Written by By Presiding Officer Diane Yatauro Friday, 24 July 2009 00:00
Last month, I wrote about all the wonderful Farmers’ Markets in our area. We are so fortunate to be able to buy fresh local produce and other assorted items from craftspeople who are our neighbors and friends.
This month, it has come to my attention that there is a problem with some of our tomatoes. According to Cornell Cooperative Extension, there is something called late blight which is affecting tomato and potato plants. This is the same disease that caused the Irish Potato Famine of the 1840s, so whether you have a small backyard garden like I do, or you are a major nursery, late blight is a disease to which we must all pay attention but be careful not to confuse with early blight, which is much less devastating. According to the experts, it is very destructive and very infectious. It presents with at least nickel-sized olive green to brown spots on leaves with slightly white fungal growth on the underside when conditions have been humid – early morning or after a rainfall. Sometimes the border of the spot is yellow or has a water-soaked appearance..Spots begin tiny, irregularly shaped, and brown. Firm, leather-like brown spots develop on tomato fruit.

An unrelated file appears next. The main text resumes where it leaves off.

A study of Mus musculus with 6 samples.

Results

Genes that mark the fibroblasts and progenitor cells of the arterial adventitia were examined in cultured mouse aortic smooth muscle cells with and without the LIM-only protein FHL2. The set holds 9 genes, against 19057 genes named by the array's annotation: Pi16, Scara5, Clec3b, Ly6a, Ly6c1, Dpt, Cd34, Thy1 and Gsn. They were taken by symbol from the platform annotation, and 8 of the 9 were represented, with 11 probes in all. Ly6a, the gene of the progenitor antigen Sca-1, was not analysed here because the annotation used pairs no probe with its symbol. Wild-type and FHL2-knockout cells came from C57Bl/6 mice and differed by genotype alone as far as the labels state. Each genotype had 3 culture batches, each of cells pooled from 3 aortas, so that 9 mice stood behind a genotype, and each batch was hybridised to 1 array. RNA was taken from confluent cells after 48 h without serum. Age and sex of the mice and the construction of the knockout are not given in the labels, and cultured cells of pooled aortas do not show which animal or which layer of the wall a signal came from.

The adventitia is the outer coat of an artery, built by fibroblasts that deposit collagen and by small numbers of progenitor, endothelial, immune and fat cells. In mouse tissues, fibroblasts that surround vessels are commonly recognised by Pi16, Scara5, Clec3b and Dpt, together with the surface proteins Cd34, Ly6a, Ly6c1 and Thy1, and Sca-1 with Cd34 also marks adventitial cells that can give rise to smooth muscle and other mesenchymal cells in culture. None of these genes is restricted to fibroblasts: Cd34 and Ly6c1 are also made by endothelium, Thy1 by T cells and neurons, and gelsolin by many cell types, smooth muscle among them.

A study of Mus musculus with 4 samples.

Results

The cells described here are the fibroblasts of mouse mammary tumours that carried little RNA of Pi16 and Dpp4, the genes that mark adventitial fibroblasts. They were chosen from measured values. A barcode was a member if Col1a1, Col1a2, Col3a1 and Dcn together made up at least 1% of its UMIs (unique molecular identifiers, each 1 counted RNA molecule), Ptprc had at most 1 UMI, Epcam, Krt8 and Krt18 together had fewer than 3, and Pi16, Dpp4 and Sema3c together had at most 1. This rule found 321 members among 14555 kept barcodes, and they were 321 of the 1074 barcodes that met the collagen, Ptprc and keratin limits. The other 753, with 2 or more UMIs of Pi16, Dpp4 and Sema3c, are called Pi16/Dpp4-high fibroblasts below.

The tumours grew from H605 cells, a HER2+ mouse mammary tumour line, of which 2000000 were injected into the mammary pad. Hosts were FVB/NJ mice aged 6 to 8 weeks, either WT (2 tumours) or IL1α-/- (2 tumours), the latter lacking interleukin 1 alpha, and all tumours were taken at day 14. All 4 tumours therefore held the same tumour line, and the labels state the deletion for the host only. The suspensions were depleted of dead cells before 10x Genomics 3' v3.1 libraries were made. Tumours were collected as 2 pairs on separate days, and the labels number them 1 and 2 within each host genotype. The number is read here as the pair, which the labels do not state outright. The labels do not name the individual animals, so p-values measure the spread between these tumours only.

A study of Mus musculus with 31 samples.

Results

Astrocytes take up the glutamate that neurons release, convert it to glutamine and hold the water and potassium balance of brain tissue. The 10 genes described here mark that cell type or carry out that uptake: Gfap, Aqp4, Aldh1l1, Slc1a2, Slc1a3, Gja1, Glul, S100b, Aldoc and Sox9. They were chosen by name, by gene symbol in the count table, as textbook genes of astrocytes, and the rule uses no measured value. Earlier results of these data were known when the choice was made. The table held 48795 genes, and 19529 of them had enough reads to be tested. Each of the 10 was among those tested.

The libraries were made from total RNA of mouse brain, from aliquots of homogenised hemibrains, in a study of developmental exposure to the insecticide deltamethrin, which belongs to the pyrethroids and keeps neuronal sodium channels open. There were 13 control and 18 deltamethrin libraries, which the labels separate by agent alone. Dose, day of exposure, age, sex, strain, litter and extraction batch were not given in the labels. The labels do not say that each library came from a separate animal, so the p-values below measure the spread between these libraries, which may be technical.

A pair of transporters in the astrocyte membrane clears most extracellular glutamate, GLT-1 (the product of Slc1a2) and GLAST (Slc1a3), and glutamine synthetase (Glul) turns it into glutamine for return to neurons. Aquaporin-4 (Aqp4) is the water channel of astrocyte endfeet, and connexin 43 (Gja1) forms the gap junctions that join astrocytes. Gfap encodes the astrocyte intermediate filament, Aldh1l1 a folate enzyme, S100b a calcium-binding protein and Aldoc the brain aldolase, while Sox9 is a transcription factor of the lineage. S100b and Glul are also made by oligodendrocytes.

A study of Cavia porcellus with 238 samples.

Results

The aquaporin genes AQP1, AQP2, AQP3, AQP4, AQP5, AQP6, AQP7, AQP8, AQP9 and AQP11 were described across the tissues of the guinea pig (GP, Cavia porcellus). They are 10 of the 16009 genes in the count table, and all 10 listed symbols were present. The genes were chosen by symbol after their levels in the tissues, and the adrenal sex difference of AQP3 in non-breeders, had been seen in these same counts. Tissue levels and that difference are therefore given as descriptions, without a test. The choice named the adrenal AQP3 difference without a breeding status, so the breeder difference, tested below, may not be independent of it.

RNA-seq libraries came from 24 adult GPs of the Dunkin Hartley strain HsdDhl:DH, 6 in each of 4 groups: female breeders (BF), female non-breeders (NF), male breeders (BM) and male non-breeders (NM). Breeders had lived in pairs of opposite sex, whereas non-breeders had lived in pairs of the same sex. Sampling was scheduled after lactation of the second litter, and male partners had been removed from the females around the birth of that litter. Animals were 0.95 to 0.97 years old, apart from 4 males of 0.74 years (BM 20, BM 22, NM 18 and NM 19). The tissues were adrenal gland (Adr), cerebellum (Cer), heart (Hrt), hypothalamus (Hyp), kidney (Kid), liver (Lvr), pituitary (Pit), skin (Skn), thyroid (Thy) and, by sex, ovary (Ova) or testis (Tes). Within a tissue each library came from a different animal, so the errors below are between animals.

Here’s what Cornell Cooperative Extension recommends to all gardeners:
• Examine tomato and potato plants thoroughly at least once a week for signs of late blight.
• Spray fungicides now and continue regularly.
• Be prepared to destroy plants when late blight starts to become severe.
If you see late blight, do not put your plants in a compost pile. To prevent the spread of disease, seal the plants in a plastic bag and put them in the trash. Late blight can easily become a source of spores that could infect other plants because the spores are easily dispersed by the wind.
To learn more or for any questions you may have, go to www.hort.cals.cornell.edu, type in late blight in the search box.
You may also call the Nassau County branch of Cornell Cooperative Extension’s Horticulture Department at 516-228-0426, ext. 10, 11, or 15.
I wish everyone a healthy and restful summer!